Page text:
Back in college, a rabbi of mine shared a story from a talk on the story of Joseph he gave to unaffiliated Jewish retirees. After the rabbi spoke at length about the biblical narrative and his brothers’ trials and tribulations in Egypt, an older woman raised her hand.

“So, when did Joseph end up meeting Mary?,” she innocently asked.

Everyone laughed. A few people gasped. I still wonder to this day if the story is true. How could someone Jewish be so completely unacquainted with biblical stories that they sooner recognize a name in a Christian context than in a Jewish one?

This weekend’s brouhaha over a tweet on Vice President Mike Pence’s Twitter account gave me reason to think that tall tale wasn’t actually a fable.

Pence recently visited Israel, and his visit happened to coincide with International Holocaust Memorial Day. As is customary for visiting dignitaries, he took the opportunity to visit Yad Vashem, Israel’s Holocaust memorial museum. While he was there, a quote and video tweet were posted on his official Twitter account that to the untrained eye seemed rather Christian:

This tweet upset some members of the tribe. Haaretz declared that “Mike Pence’s Holocaust Day Message With ‘Christ Imagery’ Sparks Jewish Outrage.” Facebook groups and pages catering to mainly progressive Jewish members, such as the Facebook page for ReformJudaism.org, filled with angry comments.

To be sure, bringing up Christian ideas in reference to Jewish tragedies does not often go over well with the Jewish community. It reminds many Jews of the centuries of forced conversion and relentless missionary zeal. It also echoes of replacement theology, the idea that Christians, not Jews, are the current “Chosen People” and will inherit Israel after the return of Christ.

However, there are a couple issues with the interpretation of Pence’s tweet.

Firstly, the tweet is a misquote -– more a mis-paraphrasing -– of Pence’s speech at the Knesset. Stating his intent to visit Yad Vashem, Pence says he intends “to honor the six million martyrs of the Holocaust. We will marvel at the faith and resilience of your people, who just three years after walking beneath the shadow of death, rose up from the ashes to resurrect yourselves to reclaim a Jewish future and rebuild the Jewish state.”

Take a listen for yourself:

But more importantly, Mike Pence seems to be alluding to a biblical story from Jewish tradition, one mentioned at Yad Vashem on Israeli Holocaust Memorial day every year: the prophecy of the Valley of Dry Bones found in Ezekiel 37:1-15.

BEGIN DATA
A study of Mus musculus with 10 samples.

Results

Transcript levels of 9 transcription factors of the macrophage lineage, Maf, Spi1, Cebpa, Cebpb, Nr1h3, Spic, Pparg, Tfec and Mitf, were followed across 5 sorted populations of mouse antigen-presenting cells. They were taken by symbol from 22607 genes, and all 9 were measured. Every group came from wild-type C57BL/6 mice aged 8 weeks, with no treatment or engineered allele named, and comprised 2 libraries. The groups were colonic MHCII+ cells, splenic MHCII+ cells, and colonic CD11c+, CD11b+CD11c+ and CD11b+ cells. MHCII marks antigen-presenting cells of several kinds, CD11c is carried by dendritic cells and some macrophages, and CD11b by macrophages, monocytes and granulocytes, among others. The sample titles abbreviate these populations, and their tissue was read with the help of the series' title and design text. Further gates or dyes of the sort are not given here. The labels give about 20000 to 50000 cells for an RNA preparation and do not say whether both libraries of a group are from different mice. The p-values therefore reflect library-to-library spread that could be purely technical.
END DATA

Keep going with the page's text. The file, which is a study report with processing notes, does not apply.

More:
The prophecy is a vision of Ezekiel the Prophet which sets him in a valley covered in skeletons. At God’s command, Ezekiel orders the bones to rise. Muscle, tendons, and skin spontaneously form in a ghastly fashion. God tells Ezekiel “these bones are the House of Israel,” a people whose “hope is lost,” but whom God promises to raise and “bring back to the Land of Israel.”

The prophecy has been referenced by leaders of all streams of Judaism when talking about the Jewish People’s recovery from the Holocaust. Take the words of Dr. Tova Ganzel as they appear on the official site of Yeshivat Har Etzion in her “The Vision of the Dry Bones”:

“Whether the description is of an actual occurrence or an allegory, it is clear that in the Jewish national consciousness, this prophecy remains timeless…For our generation, seeing the establishment and prospering of the State of Israel after the horror of the Holocaust, this consciousness of the redemption being bound together with the vision of dry bones is greatly amplified.”

And just a few years ago, Rabbi Dalia Marx wrote on Reformjudaism.org that the prophecy is recited annually at Yad Vashem because it “reminds us that sometimes heroism is g’vurat haruach, heroism of the spirit.”

I did not vote for Donald Trump and I do not support all of Mike Pence’s positions by any means. But a sensational reaction to Pence’s tweets is unjustified. Mike Pence’s words are beautifully alluding to an oft-quoted passage, central at the core of modern Judaism’s own story of death and rebirth. Mike Pence’s words, whether you like it or not, were rather Jewish — and it’s a shame that so many Jews couldn’t recognize them.